The Independent Movement and Political Paralysis

It seems like there's a ton of new and noteworthy commentary and analysis coming over the third party and independent news wires today. At Technorati, Benjamin Kerensa declares his political independence from the Democratic Party:
After months of painstaking research and consideration I made the leap and switched political parties today or better yet I opted-out of the two-party politics that so many voters in the United States are addicted to.

I actually feel quite relieved that I no longer have to subscribe to an almost molded political party that has no interest in representing the voters but instead only serves the special interest groups that donate the most money to their candidates election campaigns. So you must be asking yourself which party I left? I decided to leave the Democratic Party . . .

I had taken the politicians for their word like many millions of Americans and yet came to realize that I had not held the people I voted for accountable for keeping their promises and being solid in their issues.

A few people in the political blogging and journalism field have written some vibrant articles on why the two-party system has failed Americans and that inspired me to make a change by becoming an Independent . . .
Democrats aren't the only ones declaring their political independence from the major party machines.  At CAIVN, Chris Guzman reports on a new study which finds independent affiliation surging in the Republican stronghold of Orange County California.  Excerpt:
Based on a report by Claremont McKenna College's Rose Institute of State and Local Government, it appears that the rise in decline-to-state voters in the typically Republican-dominated Orange County spells trouble for the GOP's stronghold in the region. 
"Third party registration in Orange County has remained under four percent throughout the decade, but the number of decline to state voters has skyrocketed. In total, the number of decline to state and third party voters has gone from 18.6 percent to 24.5 percent of those registered. It is notable that all those losses are coming from the Republican share, while Democrats are able to hold their proportion constant," said the report.

The report also noted that while independent voters in Orange County have tended to favor Republicans by significant numbers in the past, there are indications that this may be changing as well. According to numerical stats provided by the Institute, independents are the most energized movement in the OC.

Get this: While the increase in decline-to-state/independent and third party voter registration increased by 6 percentage points between 2000 and 2010, from 19% to 25%, Republican Party registration in the County has dropped from 50% to 43% within the same time period. Also during this decade, Democratic registration has wavered between 30% and 32% . . . .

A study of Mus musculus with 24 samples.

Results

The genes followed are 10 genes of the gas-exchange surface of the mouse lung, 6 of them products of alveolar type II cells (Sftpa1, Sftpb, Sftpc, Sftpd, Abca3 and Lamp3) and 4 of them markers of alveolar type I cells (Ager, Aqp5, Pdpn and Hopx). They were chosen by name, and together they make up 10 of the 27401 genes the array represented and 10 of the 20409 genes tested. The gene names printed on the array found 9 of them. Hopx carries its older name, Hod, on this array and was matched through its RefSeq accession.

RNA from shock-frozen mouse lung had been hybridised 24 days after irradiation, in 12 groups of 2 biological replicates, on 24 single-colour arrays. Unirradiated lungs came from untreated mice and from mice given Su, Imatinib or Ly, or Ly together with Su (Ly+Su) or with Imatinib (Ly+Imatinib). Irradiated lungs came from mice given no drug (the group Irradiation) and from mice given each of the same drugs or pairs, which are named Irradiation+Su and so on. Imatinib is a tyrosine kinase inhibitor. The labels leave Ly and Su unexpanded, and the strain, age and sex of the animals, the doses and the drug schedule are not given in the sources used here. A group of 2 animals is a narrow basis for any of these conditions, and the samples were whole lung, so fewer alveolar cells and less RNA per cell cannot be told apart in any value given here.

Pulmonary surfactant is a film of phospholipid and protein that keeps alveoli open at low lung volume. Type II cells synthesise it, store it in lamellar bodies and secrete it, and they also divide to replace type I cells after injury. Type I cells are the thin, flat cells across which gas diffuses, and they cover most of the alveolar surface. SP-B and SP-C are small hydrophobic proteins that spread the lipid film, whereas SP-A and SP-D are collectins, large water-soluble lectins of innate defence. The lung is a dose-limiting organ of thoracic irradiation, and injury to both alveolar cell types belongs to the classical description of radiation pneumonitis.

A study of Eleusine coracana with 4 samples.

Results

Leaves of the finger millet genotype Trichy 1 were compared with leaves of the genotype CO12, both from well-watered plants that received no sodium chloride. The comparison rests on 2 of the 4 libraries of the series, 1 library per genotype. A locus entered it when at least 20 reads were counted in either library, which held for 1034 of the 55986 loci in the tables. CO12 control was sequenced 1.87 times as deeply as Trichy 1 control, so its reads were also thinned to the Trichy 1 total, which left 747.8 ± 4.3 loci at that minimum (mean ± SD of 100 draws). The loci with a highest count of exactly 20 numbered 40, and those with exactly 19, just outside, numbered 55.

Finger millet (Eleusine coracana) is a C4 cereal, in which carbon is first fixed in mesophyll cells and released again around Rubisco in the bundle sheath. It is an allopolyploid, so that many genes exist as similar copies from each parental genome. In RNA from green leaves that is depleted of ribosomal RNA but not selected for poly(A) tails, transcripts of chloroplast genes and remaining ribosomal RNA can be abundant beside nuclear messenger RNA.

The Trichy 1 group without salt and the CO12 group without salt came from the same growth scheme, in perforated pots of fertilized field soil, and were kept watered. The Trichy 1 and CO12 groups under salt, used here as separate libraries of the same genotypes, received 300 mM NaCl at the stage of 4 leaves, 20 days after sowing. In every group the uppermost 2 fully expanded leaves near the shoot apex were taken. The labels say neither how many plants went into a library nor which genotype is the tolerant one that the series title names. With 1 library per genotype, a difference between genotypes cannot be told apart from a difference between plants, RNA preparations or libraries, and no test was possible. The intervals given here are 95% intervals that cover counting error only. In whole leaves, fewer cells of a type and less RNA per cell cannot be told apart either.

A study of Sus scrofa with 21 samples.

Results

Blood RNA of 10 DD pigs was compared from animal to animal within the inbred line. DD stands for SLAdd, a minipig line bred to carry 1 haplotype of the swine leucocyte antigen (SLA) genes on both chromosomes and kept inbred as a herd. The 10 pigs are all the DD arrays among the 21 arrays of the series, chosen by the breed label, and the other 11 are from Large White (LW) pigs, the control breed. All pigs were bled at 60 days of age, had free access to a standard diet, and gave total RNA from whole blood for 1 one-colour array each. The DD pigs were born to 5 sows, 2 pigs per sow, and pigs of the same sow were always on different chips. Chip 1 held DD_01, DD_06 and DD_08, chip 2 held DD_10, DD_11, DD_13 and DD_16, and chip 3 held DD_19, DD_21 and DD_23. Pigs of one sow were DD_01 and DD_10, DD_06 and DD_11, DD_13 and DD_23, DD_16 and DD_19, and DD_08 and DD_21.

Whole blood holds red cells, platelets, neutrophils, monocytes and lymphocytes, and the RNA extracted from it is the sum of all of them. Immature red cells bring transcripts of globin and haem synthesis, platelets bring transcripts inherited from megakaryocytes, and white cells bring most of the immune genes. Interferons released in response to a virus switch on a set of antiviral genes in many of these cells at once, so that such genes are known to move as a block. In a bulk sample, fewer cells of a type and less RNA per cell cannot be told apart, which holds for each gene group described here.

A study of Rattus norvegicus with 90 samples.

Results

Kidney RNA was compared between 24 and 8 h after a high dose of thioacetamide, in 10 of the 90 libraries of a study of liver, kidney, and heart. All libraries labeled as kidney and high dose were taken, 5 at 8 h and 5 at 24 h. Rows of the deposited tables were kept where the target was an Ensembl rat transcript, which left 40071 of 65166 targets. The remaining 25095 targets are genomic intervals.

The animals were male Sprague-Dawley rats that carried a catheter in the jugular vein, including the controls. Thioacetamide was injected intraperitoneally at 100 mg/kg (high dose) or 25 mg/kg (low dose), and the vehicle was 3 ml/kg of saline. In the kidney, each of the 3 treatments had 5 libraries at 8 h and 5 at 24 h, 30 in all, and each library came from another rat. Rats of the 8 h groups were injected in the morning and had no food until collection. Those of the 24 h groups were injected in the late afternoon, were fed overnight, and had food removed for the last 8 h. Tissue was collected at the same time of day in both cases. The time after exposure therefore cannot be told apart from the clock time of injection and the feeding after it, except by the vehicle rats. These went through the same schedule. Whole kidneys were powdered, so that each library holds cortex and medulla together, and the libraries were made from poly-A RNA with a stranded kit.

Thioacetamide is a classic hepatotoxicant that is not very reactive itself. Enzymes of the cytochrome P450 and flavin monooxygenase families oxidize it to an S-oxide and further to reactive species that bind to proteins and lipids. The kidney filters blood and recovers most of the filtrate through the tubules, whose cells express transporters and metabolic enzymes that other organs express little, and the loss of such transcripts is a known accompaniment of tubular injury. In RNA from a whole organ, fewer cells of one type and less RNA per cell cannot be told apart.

And yet, even with their numbers steadily increasing across the country, many Independents still appear to be hostage to the ideology of the two-party state.  Their situation is, in fact, not very different from that of third party voters.  A new series of articles at Scholars and Rogues entitled "The American Parliament" looks into the highly un-representative character of government in the United States.  From the first article in the series:
In the US, a hypothetical third party or voter bloc that delivers 8% at the polls gets zero representatives and when Congress is sworn in they have no leverage. Their only hope for representation is to throw their support behind either the Dems or the GOP and hope that once those candidates are elected they will listen to the concerns of X Party leaders. Operative word: “hope.” In the US coalitions are loosely constructed at the campaign stage. You have 8%? Great, vote for us and here’s what we’ll do once we’re elected. Except that such promises aren’t binding and there’s no practical means of holding the Dems or Republicans, as the case may be, accountable to their promises. If you don’t like it, fine – go vote for the other guys, who, by the way, are as diametrically opposed to your platform as it is possible to be. Take it or leave, just shut up and go away.
This situation is all the more disturbing in the case of political independents, who constitute anywhere from 20% to 50% of registered voters depending on the state or district, and who consistently outnumber self-identified Democrats and Republicans in national polls.  Yet they have virtually no representation in government.  At Think 3, Sam Wilson reflects on "partisan gridlock and independent paralysis":
. . . . most of the Americans who call themselves independent seem incapable of acting independently. If they remain dismissive of the potential of existing independent parties, they have no clue about creating a movement of their own to contend for political power. Trapped in a party system, they seem intimidated by the institutional challenges of fielding their own candidates and building their own platforms. They apparently prefer to wait for someone like Trump to make them an offer. This passivity, the implicit concession that a political campaign is something best left to expert professionals, is the dependence that really belies the protests of so many self-proclaimed independents. We depend too much on institutions that generate candidates for us, while other institutions discourage us from generating our own candidates. Democracy has become a matter of choosing among the powerful rather than the electorate asserting its own power.  [Emphasis added.]
So long as independents refuse to exercise the power inherent to their numbers, they will continue to be dominated by the narrow, factionalist interests represented by the Republican and Democratic parties.